Thursday 7 March 2019

Declutter your clothes sustainably

This week is Paris Fashion Week and the latest run of shows that make up the whirlwind of events that make up the global fashion scene. As ever the catwalks will be full of elegant creations and wacky showstoppers but all will have one thing in mind – to make us buy more clothes.

Buying lots of new clothes is a huge environmental problem in itself but so is the is disposal of the clothes you no longer want. There are many reasons why you would need to get rid – children have grown out of their clothes, a change of job necessitates new clothes or the clothes have now become so worn and tatty they are beyond use. So what do we do with these clothes so they don't end up in landfill?

Donate to charity shops that sell a range of clothes – Many charity shops are now very fussy about the types of clothes they sell. If they don't think they are fairly new they won't sell them. The clothes they reject are then either sent to landfill, sold on for rags (despite being perfectly wearable) or shipped thousands of miles abroad. Before you hand over a bag of clothes have a look at the type of clothes they are selling and see if the ones you will be donating are likely to be sold.

Sell them yourself – There are plenty of online selling sites you can use. If you have some expensive items you might get more money selling them individually on national sites and posting them. Bundles of clothes will be easier to sell locally where people can come and pick them up.

Swap, swop, swish – I've seen these advertised under various different names but the idea is the same. You set up an event to bring your unwanted clothes to and invite friends and family to do the same. No money changes hand (unless you want to give something to charity) and people can choose the clothes they want to take home with them. You can hire a venue if you wish or hold it in your own home. If you work in a large office or workplace you could see if could arrange something there.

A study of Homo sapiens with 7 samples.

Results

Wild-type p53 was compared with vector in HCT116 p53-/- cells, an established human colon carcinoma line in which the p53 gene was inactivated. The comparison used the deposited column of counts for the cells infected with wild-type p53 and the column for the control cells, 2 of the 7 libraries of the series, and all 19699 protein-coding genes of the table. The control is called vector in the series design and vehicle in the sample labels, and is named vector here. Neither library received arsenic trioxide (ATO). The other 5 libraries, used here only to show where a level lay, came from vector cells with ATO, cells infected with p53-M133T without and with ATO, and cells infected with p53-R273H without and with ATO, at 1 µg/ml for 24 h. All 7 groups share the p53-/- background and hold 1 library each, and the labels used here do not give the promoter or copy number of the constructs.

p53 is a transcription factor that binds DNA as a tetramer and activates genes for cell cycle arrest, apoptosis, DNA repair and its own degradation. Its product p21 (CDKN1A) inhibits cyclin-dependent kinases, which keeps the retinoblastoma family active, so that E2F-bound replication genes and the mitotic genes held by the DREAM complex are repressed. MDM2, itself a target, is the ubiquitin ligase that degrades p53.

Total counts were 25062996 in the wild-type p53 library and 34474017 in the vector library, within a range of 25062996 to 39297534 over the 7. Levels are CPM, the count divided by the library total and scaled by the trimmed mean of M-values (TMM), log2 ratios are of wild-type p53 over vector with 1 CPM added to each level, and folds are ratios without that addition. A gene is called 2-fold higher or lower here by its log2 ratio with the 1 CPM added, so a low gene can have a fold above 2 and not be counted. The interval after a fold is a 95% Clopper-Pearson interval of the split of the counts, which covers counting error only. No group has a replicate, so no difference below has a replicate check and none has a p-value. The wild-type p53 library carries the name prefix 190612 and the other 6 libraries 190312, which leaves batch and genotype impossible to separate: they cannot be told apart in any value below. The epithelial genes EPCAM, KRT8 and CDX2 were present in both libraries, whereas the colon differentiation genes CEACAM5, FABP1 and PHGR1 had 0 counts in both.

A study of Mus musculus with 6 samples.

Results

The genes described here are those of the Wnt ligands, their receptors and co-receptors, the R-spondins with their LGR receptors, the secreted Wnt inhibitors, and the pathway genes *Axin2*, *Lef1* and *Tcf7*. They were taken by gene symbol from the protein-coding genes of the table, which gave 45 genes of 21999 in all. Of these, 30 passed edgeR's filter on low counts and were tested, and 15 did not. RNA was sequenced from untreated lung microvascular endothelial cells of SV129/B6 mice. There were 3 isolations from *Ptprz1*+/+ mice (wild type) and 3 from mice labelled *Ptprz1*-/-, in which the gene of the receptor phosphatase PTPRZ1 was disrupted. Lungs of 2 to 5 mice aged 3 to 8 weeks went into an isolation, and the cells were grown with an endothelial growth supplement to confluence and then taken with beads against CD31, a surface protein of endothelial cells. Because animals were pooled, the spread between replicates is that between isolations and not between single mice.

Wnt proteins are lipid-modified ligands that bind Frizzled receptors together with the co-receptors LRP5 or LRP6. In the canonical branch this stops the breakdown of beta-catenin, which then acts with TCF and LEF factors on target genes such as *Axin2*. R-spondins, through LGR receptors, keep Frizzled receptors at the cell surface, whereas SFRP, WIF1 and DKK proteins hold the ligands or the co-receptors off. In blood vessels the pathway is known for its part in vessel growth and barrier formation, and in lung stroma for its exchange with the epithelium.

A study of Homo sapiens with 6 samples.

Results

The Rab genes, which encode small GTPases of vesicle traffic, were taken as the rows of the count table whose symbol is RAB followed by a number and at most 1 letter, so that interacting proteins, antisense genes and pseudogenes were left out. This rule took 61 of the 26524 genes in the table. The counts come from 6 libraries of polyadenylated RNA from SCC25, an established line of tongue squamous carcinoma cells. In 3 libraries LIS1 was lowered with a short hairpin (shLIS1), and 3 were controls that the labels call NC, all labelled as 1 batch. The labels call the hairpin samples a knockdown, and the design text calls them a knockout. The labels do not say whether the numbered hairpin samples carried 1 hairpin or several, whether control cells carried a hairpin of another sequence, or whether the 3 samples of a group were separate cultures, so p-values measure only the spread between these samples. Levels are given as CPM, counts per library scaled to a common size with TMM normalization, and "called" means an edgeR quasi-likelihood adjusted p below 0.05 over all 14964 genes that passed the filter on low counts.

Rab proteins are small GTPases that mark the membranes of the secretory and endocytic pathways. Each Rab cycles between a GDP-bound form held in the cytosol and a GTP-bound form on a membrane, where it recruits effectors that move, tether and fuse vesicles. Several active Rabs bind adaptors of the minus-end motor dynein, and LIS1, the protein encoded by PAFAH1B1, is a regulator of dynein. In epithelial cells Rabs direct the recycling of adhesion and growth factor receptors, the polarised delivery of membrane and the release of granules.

Clothes agency – Outfits for events such as weddings, horse race meetings, garden parties, evening functions are often only worn once for fear of being seen in the same outfit twice. If you have an outfit that fits the bill or accessories such as shoes, hats and bags then try selling them to a clothes agency that specialises in such clothes.

Rags to clean – If you have clothes that are completely beyond being used again then see what can be cut up and used around the house as cleaning clothes. Master JibberJabber's old school polo complete with paint and lunch stains are now used as dusters. I also used them to dry off the car after I had wash it the other week (which in turn saved gallons of water as I used two washing up bowls of water rather than a hosepipe or car wash!)

Recycle rags – If you can't find a use for your tatty clothes then find out what recycling schemes your council has for clothes. Many of them are able to shred them and recycle them for industrial use.

What do you do with your old clothes? Do you recycle them or throw them away?


  1. so true and we are probably all guilty of buying excess clothes (me certainly) - so important to find good ways to re-use such unwanted clothes :)

  2. I do most of these to recycle clothing. The only thing I do burn something that is completely worn out and I can not use as a rag. Otherwise I find some way of reusing or recycling.

  3. I give away old clothes to the locals in our area in Dubai. What they don't use they then either sell, reuse or ship abroad to their home countries #goinggreen

  4. This is absolutely what we do! Wear till it falls apart then reuse or recycle. #GoingGreenLinky

  5. This fits so well with my post on #GoingGreen this month! I wear my clothes into the ground and then use them as cleaning cloths etc. We pass on any of the clothes the boys have grown out of to other families. Oh and we don't buy too many in the first place!

  6. I try not to buy too many clothes in the first place, and we then wear them until they're thread bare. My kids' school organises a textile recycle twice a year as a fundraiser, and that's where most of our unwanted clothes go.


I appreciate your comments. If you have any tips, tricks or tweaks please pass them on!